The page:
Perry, however, stayed on for more than two years despite an increasing number of complaints. In one of the most egregious of those cases, involving a dog attack, county prosecutors considered criminally charging Perry.
In that incident, Perry pulled his red Dodge pickup into the parking lot of Townline Auto, a small mom-and-pop repair shop in Guilford, about six miles west of Madison. Perry saw Richard Fiengo, a friend who was the shop owner's son, sitting in a car in the lot. Standing beside that car was Carl Jordan Jr., a tall, husky 19-year-old who was checking with Fiengo to see if his mother's car had been repaired.
Perry got out of his pickup with his pet German shepherd, Thor, on an extendable leash. He'd gotten the dog from Todd Carlson, the K-9 handler with the nearby Clinton Police Department. Carlson had worked with Thor for two years, but the hound had washed out of the program.
Perry and Fiengo were friends, and apparently the officer had jokingly set his dog after the man several times in the past humor that Fiengo told police later he didn't appreciate. Approaching the car, Perry told Thor "Get him. Get Rich," according to statements made to the police. Thor lunged at the car door, but Fiengo rolled up the window as the dog snapped. The canine immediately turned to Jordan and bit into his Levi jeans in the right-front pocket area, tearing a foot-long hole.
Perry didn't know it at the time, but Jordan was the son of Madison's deputy police chief, who subsequently insisted that the department conduct an internal affairs investigation into the matter. Perry was evasive in his statement to investigators, at first denying that the dog bit anyone. The dog's trainer, Carlson, told investigators that Perry had been curious about Thor's police training to a degree that "was very intense, bordering on unhealthy."
The Guilford PD found sufficient probable cause to charge Perry with reckless endangerment, a second-degree felony, and the department submitted an arrest warrant to the State Attorney's Office. Perry was eventually given a written reprimand for his conduct. As in the past, he wouldn't take responsibility for his actions, as evidenced by a union grievance he filed over the matter. "All pets are just that, pets," he wrote in his grievance, which was ultimately denied. "Their actions should not be the basis for discipline."
Later that year, the department investigated Perry for barging into an ex-girlfriend's house at 2 in the morning. The investigation concluded that "the lack of discretion Officer Perry displayed brought discredit to himself and this agency."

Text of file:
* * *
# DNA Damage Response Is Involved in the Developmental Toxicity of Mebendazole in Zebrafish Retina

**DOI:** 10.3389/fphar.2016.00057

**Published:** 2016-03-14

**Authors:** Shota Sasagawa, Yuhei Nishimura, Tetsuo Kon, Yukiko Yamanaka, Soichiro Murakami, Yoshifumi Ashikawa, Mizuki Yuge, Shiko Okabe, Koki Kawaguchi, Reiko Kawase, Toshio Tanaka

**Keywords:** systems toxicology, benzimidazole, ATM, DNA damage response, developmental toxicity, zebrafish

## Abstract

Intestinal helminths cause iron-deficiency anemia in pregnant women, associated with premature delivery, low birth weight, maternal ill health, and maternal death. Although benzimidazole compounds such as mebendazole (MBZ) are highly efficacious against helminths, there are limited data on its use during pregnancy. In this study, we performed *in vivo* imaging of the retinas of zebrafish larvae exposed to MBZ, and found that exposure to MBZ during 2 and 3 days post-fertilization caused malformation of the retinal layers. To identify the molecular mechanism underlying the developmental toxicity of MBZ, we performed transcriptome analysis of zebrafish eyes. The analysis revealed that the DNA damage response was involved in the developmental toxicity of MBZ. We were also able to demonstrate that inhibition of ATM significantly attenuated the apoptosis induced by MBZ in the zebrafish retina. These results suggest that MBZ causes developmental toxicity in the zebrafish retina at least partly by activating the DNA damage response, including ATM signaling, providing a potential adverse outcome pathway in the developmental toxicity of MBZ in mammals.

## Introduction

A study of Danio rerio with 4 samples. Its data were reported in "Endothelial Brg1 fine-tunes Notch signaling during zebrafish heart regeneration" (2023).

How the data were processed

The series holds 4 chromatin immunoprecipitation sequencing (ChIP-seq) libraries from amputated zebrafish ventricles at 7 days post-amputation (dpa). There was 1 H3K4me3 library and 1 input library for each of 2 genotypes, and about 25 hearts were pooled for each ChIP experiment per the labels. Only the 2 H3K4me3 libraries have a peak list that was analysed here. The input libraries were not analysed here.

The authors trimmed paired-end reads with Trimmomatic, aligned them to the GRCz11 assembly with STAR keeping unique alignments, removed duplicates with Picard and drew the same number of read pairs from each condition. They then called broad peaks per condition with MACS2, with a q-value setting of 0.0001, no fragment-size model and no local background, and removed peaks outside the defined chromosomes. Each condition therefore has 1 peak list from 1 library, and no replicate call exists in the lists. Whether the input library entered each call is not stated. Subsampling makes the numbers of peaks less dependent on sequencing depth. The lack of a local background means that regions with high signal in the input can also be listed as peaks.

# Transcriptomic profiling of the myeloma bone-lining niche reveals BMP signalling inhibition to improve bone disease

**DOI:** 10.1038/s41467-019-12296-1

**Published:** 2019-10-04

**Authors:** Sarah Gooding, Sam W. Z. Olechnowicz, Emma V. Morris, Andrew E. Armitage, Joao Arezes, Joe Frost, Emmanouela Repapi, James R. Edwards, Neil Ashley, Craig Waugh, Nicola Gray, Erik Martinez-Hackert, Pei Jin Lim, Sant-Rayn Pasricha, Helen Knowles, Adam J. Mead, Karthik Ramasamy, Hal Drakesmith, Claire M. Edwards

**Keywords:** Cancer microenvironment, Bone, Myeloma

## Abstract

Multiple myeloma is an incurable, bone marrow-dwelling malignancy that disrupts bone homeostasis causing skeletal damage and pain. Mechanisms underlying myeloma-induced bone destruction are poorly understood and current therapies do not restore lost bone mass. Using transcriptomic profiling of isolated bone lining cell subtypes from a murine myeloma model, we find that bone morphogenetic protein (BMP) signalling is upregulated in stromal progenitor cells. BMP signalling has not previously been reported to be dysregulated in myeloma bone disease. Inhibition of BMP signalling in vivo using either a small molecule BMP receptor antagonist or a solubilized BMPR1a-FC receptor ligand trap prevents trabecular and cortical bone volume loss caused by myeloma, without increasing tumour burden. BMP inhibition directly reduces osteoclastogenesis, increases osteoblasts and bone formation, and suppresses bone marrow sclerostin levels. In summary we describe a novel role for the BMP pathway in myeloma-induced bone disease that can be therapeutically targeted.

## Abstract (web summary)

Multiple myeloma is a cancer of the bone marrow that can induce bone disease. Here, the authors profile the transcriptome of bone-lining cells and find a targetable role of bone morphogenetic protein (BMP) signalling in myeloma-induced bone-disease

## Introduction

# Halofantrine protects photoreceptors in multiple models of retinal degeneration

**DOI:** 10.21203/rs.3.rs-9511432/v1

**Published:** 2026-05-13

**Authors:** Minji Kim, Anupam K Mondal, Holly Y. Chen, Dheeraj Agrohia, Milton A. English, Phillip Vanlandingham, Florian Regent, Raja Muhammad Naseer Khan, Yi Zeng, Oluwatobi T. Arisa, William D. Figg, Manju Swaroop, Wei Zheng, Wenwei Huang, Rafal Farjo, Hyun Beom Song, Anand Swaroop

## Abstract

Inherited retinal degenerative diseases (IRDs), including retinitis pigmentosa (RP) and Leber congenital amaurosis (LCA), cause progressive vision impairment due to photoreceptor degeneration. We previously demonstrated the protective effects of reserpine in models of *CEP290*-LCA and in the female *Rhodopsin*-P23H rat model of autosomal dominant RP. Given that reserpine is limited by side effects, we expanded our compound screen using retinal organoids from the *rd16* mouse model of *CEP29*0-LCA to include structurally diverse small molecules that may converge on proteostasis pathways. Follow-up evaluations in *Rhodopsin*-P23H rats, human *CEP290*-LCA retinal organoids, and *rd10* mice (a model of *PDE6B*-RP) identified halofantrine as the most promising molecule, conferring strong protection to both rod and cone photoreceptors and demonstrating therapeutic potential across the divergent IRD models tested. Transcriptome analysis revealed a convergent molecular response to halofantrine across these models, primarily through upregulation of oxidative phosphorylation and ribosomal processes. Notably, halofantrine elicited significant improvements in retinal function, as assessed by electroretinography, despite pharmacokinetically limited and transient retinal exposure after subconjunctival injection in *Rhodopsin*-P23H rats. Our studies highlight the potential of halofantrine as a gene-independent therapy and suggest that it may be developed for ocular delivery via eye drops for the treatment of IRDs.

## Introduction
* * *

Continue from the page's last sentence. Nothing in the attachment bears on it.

Police Chief James Cameron cajoled the city's Board of Police Commissioners to fire Perry, writing that Perry "continues to make decisions involving both his on- and off-duty conduct that continually bring this department and the town of Madison into disrepute." And the costs of investigating this one officer was mushrooming, he added.
Cameron lost that battle, but in 1997, he pleaded with the board once again to fire Perry over two incidents involving poor conduct with the public. With the noose slowly tightening around his neck, Perry resigned from the Madison force late that year.
Like a badge-toting Eveready bunny, Perry kept going. After a brief stint as a patrolman in the City of New Fairfield, he began working as a field investigator for an insurance company and as a part-time patrolman for the Town of Washington, a tiny burg of 4,000 people in the state's rural northwest.
By the fall of 2000, however, the head constable had placed Perry on temporary leave for allegedly harassing another former live-in girlfriend. The alleged harassment victim also claimed that Perry had sneaked into her home to take some jewelry. In a memo to the town's top elected official, Alan Chapin, who was the de facto police chief, the department's head constable wrote that Perry "demonstrates a lack of maturity on his part that presents questions as to whether or not he can be trusted to carry out the functions of a police officer." He anticipated meeting with an assistant state attorney to discuss possible criminal charges. Three weeks later, on August 30, 2000, Chapin formally asked Perry for his resignation. He fired Perry two weeks later after getting no response.
Far to the south, Perry was applying for a job with BSO.
Perry's law enforcement transgressions in Connecticut should have made him unemployable as a cop. After all, what better to judge a job candidate by than his track record?
BSO has a lengthy application process that involves medical and psychological examinations, drug screening, and a background investigation that includes employment, personal, and neighborhood references. For the past eight years, many of those background investigations have been contracted out to Five Star Investigations, owned by Richard Barrett, a former BSO deputy captain who retired in 1997. Under Barrett's original contract, BSO paid him $60 per applicant and $8.50 per employment verification he made. In August 2000, those terms were changed to $100 per applicant, which would include two employer verifications, and $10.75 for each additional verification.